National Migration Week to be Celebrated January 4-10
WASHINGTON—The Catholic Church in the United States will celebrate National Migration Week on January 4-10, 2009. This year's theme, Renewing Hope, Seeking Justice, "reminds us of our obligation to bring hope to the hopeless and to seek justice for those who are easily exploited," said Bishop John C. Wester of Salt Lake City, chair of the United States Conference of Catholic Bishops (USCCB) Committee on Migration, in a letter sent every parish and Catholic school across the country.
"For many migrant communities, injustice and hardship are too commonplace an experience. Given the often marginal and vulnerable status of migrants, it is important that communities everywhere treat migrants justly and provide a welcoming presence to all people on the move," said Bishop Wester.
This year national migration week sheds light on the religious, political and cultural aspects of migration in all its forms. The bishops hope the resources the USCCB has made available will help Catholics become familiar with the many issues surrounding migration.
"As the face of local churches continues to change, information of this kind is becoming more and more important. Individuals, families, schools and parishes need opportunities like National Migration Week to learn the realities about newcomers entering their communities," said Todd Scribner, education coordinator for the Migration and Refugee Services of the USCCB.
Last April, Pope Benedict XVI encouraged the Bishops of the United States to continue to act in this regard.
"I want to encourage you and your communities to continue to welcome the immigrants who join your ranks today, to share their joys and hopes, to support them in their sorrows and trials, and to help them flourish in their new home," said the pope.
The materials include several bulletin inserts that address issues related to human trafficking, immigration, refugees, and Catholic social teaching on migration; information on how to acquire the revised edition of Unity in Diversity: A Scriptural Rosary, to guide spiritual reflection on migration; and a foldout poster. Several of these resources are available also in Spanish.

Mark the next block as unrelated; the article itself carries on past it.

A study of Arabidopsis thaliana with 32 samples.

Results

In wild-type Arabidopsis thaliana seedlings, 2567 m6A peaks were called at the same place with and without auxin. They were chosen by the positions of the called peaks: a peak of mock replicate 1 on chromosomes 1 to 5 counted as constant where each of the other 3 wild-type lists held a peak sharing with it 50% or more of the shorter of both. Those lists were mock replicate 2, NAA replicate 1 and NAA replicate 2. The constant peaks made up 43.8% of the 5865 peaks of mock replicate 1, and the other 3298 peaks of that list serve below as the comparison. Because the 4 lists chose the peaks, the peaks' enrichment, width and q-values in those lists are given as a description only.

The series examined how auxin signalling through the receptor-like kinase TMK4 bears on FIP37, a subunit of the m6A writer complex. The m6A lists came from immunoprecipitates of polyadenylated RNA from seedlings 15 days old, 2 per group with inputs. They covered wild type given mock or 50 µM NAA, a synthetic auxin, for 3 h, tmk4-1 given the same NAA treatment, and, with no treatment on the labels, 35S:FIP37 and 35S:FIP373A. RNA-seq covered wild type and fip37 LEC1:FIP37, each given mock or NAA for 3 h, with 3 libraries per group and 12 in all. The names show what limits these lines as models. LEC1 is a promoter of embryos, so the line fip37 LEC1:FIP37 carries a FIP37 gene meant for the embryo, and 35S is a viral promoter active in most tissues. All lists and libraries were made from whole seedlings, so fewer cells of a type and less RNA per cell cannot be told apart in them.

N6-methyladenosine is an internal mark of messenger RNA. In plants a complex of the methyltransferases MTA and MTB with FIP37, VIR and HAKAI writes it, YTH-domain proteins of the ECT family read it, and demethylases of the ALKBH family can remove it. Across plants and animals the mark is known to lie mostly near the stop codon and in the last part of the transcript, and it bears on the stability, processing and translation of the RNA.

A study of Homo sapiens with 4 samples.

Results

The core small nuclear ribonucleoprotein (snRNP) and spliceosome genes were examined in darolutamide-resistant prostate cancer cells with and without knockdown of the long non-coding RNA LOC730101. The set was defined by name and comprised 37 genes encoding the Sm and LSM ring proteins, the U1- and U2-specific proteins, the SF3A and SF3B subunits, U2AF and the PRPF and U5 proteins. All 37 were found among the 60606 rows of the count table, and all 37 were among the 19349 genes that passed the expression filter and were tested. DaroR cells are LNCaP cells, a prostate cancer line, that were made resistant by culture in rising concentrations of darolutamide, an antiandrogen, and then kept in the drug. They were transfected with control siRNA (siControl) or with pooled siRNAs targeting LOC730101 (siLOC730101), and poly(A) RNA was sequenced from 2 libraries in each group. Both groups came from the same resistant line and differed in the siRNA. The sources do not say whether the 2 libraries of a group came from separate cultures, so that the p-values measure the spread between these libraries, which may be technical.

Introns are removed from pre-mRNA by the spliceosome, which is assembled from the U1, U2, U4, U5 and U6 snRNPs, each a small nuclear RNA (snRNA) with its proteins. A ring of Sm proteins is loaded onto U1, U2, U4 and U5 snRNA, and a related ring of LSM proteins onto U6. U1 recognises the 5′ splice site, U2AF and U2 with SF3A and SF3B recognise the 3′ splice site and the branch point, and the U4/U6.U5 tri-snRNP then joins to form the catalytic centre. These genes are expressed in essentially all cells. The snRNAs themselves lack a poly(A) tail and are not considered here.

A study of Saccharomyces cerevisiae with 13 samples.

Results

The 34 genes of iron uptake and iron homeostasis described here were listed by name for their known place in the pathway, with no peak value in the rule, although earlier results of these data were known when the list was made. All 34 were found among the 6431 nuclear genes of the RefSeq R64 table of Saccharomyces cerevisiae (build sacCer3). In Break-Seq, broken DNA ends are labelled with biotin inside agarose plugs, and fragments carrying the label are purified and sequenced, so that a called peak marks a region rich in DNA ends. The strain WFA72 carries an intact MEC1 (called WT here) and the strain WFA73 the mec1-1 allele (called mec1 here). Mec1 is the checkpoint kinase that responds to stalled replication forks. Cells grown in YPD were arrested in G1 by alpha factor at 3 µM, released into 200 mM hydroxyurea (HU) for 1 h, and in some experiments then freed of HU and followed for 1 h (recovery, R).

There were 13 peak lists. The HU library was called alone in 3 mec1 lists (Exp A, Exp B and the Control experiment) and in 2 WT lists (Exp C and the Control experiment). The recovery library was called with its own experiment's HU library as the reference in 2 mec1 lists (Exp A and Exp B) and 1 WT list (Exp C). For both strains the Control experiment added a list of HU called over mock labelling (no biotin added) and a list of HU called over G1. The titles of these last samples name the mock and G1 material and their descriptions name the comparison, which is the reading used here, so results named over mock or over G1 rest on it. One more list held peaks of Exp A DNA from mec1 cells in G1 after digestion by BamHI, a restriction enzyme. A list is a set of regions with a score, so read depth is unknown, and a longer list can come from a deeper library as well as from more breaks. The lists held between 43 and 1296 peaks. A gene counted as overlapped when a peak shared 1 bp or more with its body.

Latino bishop appointed to Diocese of Sacramento
WASHINGTON—Pope Benedict XVI has accepted the resignation of Bishop William K. Weigand, 71, from the pastoral governance of the Diocese of Sacramento, California. Bishop Jaime Soto, 52, who has been co-adjutor bishop of Sacramento since October 11, 2007, succeeds him.
Jaime Soto was born December 31, 1955, in Inglewood, California. He attended St. John’s Seminary College in Camarillo, California, and there earned his Bachelor of Arts degree in philosophy in 1978, and Master of Divinity degree in 1982.
He earned a Master of Social Work degree from Columbia University School of Social Work in 1986. Bishop Soto’s pastoral experience includes work in Catholic Charities, immigration reform and ministry to the Hispanic community. As a member of the United States Conference of Catholic Bishops (USCCB) he is a member of the USCCB Administrative Committee; Chairman of the Subcommittee on the Church in Latin America; a member of the Committee on the Laity, Marriage, Family Life and Youth; a member of the Committee on National Collections; and a member of the Task Force on the Spanish Language Bible and the Task Force on Promotion of Vocations to the Priesthood and Religious Life. He is chairman of the Board of Directors of the Catholic Legal Immigration Network, Inc., CLINIC.